I practice as the General Health Practitioner (GHP/naturopath) and yoga teacher at the Light Centre Moorgate in London. The comprehensive functional assessments that I perform as part of the holistic health screenings, not only look at signs of disease like conventional health checks do (e.g. blood glucose & cholesterol levels), but also the important precursors to ill health such as digestive function, nutritional status, emotional wellbeing, physical tensions and posture.
As part of assessing peoples posture and physical tension I also check their ability to squat. Reduced ability to squat comes from tight leg muscles (e.g. tight and shortened hip flexors, tight hamstrings), which are usually secondary to postural imbalances higher up. If a person can squat but finds it difficult to lean forward in this position (and place their hands flat on the floor) then the calf muscles are tight. Problems in achieving the squat may also stem from tight ankles due to wearing rigid footwear or poor pelvic alignment and weak glutes, due to sitting all day at a computer or long nights on the couch.
Nearly everyone in the undeveloped world can easily squat. People who regularly sit on chairs generally lose this ability. Interestingly, this is then accompanied by an 80-90% increase in hip problems (Beijing Osteoporosis Study, 2002).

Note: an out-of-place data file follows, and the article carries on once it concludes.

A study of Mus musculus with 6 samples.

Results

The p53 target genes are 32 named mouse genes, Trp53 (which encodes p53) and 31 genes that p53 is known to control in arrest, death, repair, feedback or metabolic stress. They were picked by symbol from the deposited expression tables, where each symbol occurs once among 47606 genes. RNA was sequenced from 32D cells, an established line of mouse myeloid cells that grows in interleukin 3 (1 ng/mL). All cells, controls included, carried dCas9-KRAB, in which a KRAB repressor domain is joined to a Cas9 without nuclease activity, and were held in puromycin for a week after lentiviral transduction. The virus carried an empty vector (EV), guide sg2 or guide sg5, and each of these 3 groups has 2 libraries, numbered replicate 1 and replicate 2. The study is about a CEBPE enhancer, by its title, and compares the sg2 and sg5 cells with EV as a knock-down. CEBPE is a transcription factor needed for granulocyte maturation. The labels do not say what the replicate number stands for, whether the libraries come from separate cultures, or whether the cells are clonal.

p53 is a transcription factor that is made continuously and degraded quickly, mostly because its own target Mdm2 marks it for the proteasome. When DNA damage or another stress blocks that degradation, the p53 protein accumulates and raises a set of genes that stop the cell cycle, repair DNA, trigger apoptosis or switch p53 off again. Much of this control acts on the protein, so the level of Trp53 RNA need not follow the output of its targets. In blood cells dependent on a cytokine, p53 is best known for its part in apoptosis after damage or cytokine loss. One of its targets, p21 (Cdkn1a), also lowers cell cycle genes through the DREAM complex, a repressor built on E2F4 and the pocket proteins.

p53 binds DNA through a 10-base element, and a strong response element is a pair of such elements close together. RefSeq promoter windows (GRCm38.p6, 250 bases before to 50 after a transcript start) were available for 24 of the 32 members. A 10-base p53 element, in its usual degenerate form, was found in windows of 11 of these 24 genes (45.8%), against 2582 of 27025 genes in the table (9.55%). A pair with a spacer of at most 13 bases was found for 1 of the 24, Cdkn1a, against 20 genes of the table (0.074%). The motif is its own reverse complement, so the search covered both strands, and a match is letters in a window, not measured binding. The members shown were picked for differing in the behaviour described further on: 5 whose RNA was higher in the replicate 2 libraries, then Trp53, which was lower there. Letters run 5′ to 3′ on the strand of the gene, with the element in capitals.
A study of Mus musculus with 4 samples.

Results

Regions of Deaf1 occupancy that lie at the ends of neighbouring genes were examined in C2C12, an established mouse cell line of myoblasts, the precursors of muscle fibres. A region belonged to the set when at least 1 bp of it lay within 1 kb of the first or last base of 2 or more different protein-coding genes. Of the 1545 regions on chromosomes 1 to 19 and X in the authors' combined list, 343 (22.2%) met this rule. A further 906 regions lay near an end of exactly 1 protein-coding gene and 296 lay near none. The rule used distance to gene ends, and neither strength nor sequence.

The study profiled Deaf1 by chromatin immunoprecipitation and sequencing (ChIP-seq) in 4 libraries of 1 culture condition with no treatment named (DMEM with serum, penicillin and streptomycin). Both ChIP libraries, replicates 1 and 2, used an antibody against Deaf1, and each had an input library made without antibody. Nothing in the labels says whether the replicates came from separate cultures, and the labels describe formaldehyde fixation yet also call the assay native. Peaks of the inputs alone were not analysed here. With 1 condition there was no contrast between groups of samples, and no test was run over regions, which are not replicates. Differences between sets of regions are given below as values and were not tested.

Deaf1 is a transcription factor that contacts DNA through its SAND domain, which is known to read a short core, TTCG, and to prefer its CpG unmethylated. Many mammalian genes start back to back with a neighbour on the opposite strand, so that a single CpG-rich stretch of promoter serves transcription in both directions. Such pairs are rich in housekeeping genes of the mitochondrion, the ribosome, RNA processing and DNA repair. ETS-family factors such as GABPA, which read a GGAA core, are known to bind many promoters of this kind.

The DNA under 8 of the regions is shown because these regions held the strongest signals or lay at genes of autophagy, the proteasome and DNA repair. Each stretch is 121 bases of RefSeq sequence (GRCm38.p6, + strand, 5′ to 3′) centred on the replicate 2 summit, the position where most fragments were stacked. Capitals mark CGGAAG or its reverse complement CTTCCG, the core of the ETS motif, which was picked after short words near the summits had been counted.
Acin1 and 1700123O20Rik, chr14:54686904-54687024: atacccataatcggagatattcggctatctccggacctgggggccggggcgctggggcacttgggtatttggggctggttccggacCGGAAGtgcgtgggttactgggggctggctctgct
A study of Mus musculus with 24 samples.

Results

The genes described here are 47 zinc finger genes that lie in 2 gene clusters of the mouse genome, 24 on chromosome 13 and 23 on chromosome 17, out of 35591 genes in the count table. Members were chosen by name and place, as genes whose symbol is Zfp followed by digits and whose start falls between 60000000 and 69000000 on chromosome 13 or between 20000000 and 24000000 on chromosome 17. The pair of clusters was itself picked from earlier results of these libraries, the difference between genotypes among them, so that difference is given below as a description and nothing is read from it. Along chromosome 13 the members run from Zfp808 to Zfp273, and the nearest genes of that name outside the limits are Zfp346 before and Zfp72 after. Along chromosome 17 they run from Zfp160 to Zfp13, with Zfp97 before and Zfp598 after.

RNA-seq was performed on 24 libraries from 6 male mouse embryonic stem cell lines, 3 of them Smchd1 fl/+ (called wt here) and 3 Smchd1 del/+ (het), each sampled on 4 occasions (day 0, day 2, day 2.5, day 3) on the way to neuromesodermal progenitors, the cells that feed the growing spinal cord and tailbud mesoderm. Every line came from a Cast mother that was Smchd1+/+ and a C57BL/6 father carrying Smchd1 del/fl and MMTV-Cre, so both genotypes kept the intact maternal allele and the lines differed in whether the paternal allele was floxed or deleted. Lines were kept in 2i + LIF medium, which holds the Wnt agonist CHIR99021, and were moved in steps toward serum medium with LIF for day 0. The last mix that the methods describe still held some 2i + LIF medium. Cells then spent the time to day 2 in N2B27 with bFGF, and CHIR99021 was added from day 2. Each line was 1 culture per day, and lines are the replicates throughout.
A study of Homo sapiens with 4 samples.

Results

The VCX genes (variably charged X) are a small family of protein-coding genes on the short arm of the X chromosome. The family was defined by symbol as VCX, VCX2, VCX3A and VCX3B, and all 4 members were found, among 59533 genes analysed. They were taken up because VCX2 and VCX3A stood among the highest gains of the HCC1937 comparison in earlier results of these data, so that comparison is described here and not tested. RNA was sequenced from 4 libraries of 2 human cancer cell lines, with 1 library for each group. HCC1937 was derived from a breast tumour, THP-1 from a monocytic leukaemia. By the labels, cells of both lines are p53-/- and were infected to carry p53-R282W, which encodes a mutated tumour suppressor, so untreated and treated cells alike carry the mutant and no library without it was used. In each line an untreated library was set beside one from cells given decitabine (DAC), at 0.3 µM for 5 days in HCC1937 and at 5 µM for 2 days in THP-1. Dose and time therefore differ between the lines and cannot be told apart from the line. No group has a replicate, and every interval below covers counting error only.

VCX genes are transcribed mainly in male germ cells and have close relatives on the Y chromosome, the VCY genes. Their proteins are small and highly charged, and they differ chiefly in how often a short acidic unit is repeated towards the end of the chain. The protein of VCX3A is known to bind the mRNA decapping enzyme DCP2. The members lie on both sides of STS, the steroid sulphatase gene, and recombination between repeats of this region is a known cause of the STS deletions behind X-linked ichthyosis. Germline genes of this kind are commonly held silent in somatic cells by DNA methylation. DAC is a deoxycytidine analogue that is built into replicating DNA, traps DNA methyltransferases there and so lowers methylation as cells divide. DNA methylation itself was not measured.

The yoga squat takes tension from your lower body and works it steadily from your feet up to your back, you will release as well as strengthen your ankles, calves, quadriceps, hamstrings, hips, and buttocks muscles. Adding the twist while you squat works up your spine, and spreading your arms wide opens your chest – the antidote to the desk posture!
To take the pose, stand in Tadasana (Mountain Pose) with your feet parallel to each other, either touching or hip-width apart. Bend your knees into a squat, with your buttocks sitting far down as if you are trying to sit back on a chair. Make sure to keep your heels fully on the floor. Reach your hands to the ceiling to help balance. Stay for a few breaths, feeling how the breath moves the belly toward the thighs and how it expands the upper back. To add the twist, start with your left arm on your right knee. Lengthen your spine and, exhaling, twist to look over your right shoulder. If this feels good and your balance is steady, reach your right arm long and gaze toward your right hand.
Press the knee and arm (or shoulder) firmly against each other. Use this pressure to lengthen the left side of your torso out of the inner groins, sliding it along the tops of the thighs. There’s a tendency in these deep twists to harden the belly, so try to keep your belly soft. Hold for 5 to 10 breaths, then unwind and repeat on the other side.